A Walk Across America
By: Rocio Villaseñor
Walking across America was a physical and mental challenge that alumni James Dill, ’18, and Sam Rezaei, '18, faced. Although their journey lasted longer than predicted, on December 3, 2022, the duo looked out over the Pacific Ocean at Los Angeles’s Venice Beach, just as the sun was setting at their feet—feet that had carried them over 2,800 miles in 170 days.
“We just kind of took 15-20 minutes, sitting on the beach trying to process what we had just done,” Dill says. Rezaei echoes that it was the same feeling for him. “It didn’t feel like some big grand sense of pride or accomplishment,” Rezaei says. “We finished this challenge that we planned for ourselves and now it is on [to] the next step.”
Their journey began on June 17, 2022, in Coney Island Beach, New York, which they chronicled in both an Instagram account @theamericantrail and blog The Walk Across the United States. In their first blog post, both alumni write that this will be their ultimate challenge to immerse themselves in rural America.
“[The walk] really helped me understand such a big population that I and many other people that live out in the city never really get to interact with and all we maybe hear from them is through the news. So I thought that was very eye opening and I really enjoyed it,” Rezaei says.
Most nights the alumni pitched tents along roads, outside churches, or community centers. They faced weather, safety, and other struggles, mostly in the countryside, but they were fortunate to meet people that would help them out. They recall how some locals engaged them in conversations, invited them to services, fed them, offered them showers, or left groceries on the road.
“It was extremely genuine help,” Rezaei says. “We still keep in contact with [some of the people].”
Along the way, their purpose for walking expanded after being mistaken for homeless and having conversations with individuals who are experiencing homelessness or poverty. They decided to turn their walk into a Coast2Coast fundraising initiative powered through a Gofundme.com page, which will provide funds to The Night Ministry in Chicago. They set out a goal of $1 million and have raised over $16,000. They are still accepting donations.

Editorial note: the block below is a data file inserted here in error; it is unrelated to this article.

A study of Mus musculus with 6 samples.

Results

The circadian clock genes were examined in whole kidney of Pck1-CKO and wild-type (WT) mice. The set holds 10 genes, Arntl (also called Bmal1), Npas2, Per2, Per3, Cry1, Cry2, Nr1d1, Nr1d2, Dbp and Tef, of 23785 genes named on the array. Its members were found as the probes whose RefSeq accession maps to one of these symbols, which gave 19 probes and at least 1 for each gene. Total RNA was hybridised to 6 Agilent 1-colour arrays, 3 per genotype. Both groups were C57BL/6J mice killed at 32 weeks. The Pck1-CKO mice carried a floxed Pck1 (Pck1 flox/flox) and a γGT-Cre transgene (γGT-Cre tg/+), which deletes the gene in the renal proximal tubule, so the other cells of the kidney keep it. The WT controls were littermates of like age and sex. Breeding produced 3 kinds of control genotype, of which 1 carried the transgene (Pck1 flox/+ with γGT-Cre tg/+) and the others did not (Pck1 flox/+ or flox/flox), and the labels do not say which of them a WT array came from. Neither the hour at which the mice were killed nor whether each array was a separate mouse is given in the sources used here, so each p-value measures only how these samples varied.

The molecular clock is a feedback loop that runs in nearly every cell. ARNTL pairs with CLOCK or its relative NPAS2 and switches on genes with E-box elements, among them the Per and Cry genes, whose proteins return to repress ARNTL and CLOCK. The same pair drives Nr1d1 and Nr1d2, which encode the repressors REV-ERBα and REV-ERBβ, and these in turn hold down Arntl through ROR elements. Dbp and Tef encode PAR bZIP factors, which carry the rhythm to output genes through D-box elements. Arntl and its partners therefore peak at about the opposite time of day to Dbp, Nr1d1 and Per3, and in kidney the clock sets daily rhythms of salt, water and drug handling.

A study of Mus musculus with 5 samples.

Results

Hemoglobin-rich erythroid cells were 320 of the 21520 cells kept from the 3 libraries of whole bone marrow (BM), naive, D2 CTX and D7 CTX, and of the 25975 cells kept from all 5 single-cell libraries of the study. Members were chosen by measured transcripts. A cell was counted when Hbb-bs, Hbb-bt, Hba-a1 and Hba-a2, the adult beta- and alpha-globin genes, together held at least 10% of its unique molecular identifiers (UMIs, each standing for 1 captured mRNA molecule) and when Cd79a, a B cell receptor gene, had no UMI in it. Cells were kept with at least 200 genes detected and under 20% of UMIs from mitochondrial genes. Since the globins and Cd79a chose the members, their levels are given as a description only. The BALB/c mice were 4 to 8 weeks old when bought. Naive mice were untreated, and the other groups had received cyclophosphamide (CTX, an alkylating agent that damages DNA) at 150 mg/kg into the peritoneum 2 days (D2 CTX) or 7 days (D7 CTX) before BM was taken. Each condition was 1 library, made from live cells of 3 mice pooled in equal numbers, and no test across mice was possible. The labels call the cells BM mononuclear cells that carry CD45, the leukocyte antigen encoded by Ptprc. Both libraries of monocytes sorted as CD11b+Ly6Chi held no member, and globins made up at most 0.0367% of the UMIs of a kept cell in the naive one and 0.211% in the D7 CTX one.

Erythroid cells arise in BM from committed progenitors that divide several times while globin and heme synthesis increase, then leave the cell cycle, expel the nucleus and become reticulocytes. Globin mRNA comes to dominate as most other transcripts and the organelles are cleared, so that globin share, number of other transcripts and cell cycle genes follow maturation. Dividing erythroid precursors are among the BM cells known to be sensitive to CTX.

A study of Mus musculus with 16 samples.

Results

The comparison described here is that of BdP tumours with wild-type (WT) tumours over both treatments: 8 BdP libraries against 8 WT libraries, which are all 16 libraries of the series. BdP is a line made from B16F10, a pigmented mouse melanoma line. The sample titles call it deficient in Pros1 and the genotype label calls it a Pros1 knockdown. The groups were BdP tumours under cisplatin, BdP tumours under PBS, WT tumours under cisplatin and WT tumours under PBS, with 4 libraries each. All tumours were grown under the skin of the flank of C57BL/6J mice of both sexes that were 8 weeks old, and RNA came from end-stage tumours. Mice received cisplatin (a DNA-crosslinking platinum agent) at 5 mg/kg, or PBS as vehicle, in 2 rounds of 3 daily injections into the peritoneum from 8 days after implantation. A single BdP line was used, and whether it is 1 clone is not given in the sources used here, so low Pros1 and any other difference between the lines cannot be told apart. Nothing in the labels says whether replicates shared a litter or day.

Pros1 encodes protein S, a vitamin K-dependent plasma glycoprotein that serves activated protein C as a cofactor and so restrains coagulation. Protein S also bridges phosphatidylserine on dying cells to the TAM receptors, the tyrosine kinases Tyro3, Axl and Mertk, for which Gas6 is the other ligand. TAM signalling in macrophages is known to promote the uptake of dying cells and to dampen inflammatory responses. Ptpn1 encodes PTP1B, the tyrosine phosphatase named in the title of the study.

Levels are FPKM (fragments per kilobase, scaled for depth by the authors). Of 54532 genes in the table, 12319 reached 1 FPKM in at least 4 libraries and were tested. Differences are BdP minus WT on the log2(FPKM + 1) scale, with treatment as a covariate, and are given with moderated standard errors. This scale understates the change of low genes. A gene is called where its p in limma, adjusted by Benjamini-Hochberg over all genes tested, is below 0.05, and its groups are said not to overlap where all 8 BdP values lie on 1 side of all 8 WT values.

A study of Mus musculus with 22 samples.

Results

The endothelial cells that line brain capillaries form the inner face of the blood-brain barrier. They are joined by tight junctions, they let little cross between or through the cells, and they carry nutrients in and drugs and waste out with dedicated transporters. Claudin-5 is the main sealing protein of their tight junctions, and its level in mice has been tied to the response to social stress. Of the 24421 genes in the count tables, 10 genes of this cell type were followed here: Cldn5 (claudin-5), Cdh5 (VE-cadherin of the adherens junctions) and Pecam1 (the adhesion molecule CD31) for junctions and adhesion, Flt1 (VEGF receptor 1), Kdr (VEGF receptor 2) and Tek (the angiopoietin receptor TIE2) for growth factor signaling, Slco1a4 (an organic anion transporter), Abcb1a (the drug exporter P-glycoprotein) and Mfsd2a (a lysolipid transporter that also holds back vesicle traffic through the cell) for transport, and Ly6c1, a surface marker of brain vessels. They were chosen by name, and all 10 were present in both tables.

The alumni promoted the fundraiser on their Instagram, blog, and news stations during their walk. They were also receiving cash donations when locals saw them in towns and shared with them that their money would be put towards the fundraiser.
The Night Ministry found out about the fundraiser from a reporter for The Daily Northwestern, where Rezaei graduated from. Burke Patten, communications manager at The Night Ministry, got in touch with the alumni and says this is the first time that the organization has received funds from somebody walking across America.
“We’re really grateful for the funds that Sam and James have raised for us. Those will go towards supporting our mission which is to provide human connection, housing support, and health care to members of our community who are unhoused or experiencing poverty,” Patten says.
The Night Ministry is also grateful to Dill and Rezaei “for calling attention to the challenge of homelessness in this country” and educating others about it.
The alumni visited the Night Ministry in January. They spoke about their fundraiser and experiences, according to Patten. “I believe they’re looking to find other ways to continue to stay involved with The Night Ministry,” Patten says.
Dill and Rezaei had savings, but their parents, for the most part, sponsored their journey. Both alumni say their family and friends are very proud of them. Their parents met up with them in California to see them finish the trip.
“It felt very normal [what] we’re doing after a while, but to other people it is obviously like a very kind of unique thing to do,” Dill says. “I still remember what it was like but it’s like a completely different chapter of our lives. Even though it was a huge struggle, I think we both definitely miss doing it, too.”
The walk was not only about accomplishing their goal but “about each given day and each given hour,” Rezaei says. “That’s something that I think we learned along the way…and how we [grew] through this walk.”
Lab alumnus Tomer Keysar, ’18, is turning their journey into a documentary. Keysar was there at the beginning of their trip in New York and also in California when they finished. They hope the documentary will be available to the public next year.